The physical damage to the human body that smoking causes is by now well-known. A far cry from the golden-age of advertising in the mid-20th century, the recent anti-smoking campaigns reach every corner of the nation, from primary schools to the faces of cigarette packets themselves. But humans are not the only thing to be effected; the environment is a living organism too, and suffers a similar fate to us when it’s forced to breathe in toxic cigarette smoke.
There are over 4000 chemicals in second-hand cigarette smoke, at least 172 of which are toxic substances. Many are regulated under clean air laws, including the 3 main constituents of air pollution: carbon monoxide, particulate matter and lead. In comparison to diesel cars, a product that has long been lobbied as seriously harmful to the environment, cigarettes have been found to emit 10 times more particulate matter. Particulate matter is formed of millions of tiny particles, each around 2.5 micrometers in breadth, which have a varied chemical composition and are very good at getting into respiratory systems, causing severe respiratory and cardiovascular problems. Combined with oxygen-eliminating carbon monoxide and organ-debilitating lead, the pollution caused by cigarette smoke is a serious threat to all living bodies who breathe its air.
On top of what comes out of cigarettes, there’s the discarded physical waste. Cigarette butts make up an estimated 25-50% of all collected litter items from roads and streets, and whilst they look like the harmless part, they’re actually a lethal killer in their own right. The butt of a cigarette contains remnants of the tobacco and paper on top of a whole new cache of chemicals, chemicals that the filter in the cigarette traps and holds by design. These include arsenic, acetone, ammonia, benzene, cadmium and formaldehyde. Every time the deceptively small and insignificant cigarette butt is casually dropped onto the floor, the mass of these chemicals in our environment increases, for it takes around 25 years for a whole cigarette butt to decompose.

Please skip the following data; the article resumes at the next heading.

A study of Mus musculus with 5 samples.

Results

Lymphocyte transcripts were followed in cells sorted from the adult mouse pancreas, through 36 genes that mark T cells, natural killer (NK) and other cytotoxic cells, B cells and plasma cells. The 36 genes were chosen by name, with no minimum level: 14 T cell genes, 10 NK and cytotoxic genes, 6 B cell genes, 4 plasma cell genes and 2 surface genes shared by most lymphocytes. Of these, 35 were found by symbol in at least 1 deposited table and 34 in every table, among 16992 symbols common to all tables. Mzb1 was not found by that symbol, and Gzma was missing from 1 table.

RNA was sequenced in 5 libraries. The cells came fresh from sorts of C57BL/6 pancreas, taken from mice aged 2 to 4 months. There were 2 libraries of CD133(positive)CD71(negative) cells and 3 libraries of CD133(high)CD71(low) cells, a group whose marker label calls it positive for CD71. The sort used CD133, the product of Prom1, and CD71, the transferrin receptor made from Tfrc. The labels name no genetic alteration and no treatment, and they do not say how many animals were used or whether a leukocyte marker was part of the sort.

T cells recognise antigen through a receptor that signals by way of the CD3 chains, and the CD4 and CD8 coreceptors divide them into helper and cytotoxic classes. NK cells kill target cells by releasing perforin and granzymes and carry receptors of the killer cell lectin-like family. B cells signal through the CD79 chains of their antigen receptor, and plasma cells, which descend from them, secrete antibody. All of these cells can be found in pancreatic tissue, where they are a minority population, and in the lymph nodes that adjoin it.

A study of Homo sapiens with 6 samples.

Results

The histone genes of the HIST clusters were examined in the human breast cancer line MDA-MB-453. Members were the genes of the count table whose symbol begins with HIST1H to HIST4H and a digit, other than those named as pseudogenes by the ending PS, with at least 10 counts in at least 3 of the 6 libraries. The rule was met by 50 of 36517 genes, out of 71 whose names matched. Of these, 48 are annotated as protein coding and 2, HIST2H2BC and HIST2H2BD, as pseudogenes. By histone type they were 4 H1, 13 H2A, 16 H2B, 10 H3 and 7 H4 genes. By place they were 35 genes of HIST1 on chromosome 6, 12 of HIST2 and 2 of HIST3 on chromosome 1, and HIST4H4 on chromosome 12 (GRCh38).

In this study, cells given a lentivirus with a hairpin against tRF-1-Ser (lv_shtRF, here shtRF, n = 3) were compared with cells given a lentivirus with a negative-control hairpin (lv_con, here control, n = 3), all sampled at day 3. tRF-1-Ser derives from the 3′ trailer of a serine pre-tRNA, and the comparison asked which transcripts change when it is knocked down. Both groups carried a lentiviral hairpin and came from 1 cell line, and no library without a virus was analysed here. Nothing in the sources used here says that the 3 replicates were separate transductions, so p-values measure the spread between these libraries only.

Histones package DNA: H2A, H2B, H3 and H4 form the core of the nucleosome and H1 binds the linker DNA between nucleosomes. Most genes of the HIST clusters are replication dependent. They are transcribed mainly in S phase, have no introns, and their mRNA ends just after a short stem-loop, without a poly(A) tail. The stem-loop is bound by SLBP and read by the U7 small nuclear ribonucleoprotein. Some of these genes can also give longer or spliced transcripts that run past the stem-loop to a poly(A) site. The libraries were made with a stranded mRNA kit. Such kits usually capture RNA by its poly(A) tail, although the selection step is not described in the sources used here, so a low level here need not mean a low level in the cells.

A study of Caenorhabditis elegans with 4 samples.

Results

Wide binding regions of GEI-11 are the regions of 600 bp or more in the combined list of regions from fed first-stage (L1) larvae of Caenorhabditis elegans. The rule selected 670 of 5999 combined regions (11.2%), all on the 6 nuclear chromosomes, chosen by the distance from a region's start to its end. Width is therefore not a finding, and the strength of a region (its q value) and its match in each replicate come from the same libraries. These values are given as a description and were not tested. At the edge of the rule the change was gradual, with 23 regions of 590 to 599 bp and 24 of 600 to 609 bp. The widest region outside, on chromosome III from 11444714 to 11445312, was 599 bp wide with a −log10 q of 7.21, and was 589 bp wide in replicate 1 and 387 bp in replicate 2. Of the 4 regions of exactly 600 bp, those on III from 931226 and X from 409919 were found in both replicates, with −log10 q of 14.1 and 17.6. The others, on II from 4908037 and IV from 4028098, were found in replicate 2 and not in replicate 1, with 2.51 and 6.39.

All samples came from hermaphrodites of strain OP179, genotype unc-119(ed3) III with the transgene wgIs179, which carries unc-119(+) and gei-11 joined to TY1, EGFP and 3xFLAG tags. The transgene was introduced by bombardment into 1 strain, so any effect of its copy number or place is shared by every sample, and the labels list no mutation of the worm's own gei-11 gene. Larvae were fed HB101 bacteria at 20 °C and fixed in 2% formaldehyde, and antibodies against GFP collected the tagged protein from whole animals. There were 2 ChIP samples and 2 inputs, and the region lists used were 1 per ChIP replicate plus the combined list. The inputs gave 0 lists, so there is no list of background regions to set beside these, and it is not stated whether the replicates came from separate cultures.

Adding water to the mix doesn’t help, either. Water intensifies the potency of the chemicals held in the filter and releases them into the environment around it, which often ends up being rivers and seas. 3,216,991 cigarettes or cigarette butts were collected from beaches and inland waterways across the world in 2009. A study conducted in San Diego found that a single cigarette butt can cause an alarming amount of damage. The study soaked one cigarette butt in a litre of water for a day, resulting in a substantially diminished water quality and the death of 50% of the fish in the tank. The world’s waterways are a vital part of our ecosystem, when they are poisoned the structure of the earth’s natural environment is retarded and the planet’s health severely threatened.
The process of manufacturing cigarettes also poses a threat to the stability of the world’s agriculture. The world’s arable land has dropped from 0.37 hectares per person in 1961 to 0.19 in 2014, and every day trees are cut down and entire forests destroyed to make way for more crops. Tobacco has changed the landscape for countries such as Tanzania, where the fertile forestland has been claimed for tobacco plants. As forests and habitats are destroyed, animals are forced to flee – or die, leaving little for the hunters and disrupting the local ecosystem. Deforestation is also a major contributor to climate change, for trees eat up the carbon in the atmosphere and help to maintain the levels of CO2 in our atmosphere.
Cigarettes effect everything they come into contact with, and with their tiny particulate matters and resistant cigarette butts their reach is pretty widespread. The benefit of their electric counterpart – the e-cigarette – when it comes to both environment and health is predominantly it’s lack of trace. E-cigarettes are longer lasting, so require far less packaging and quantitive manufacturing, and they’re design completely eliminates carbon monoxide, particulate matter and lead in its second-hand smoke. It’s important to remember that smoking isn’t just about the smoker’s health, but it has wider, ethical implications concerning our environment, too.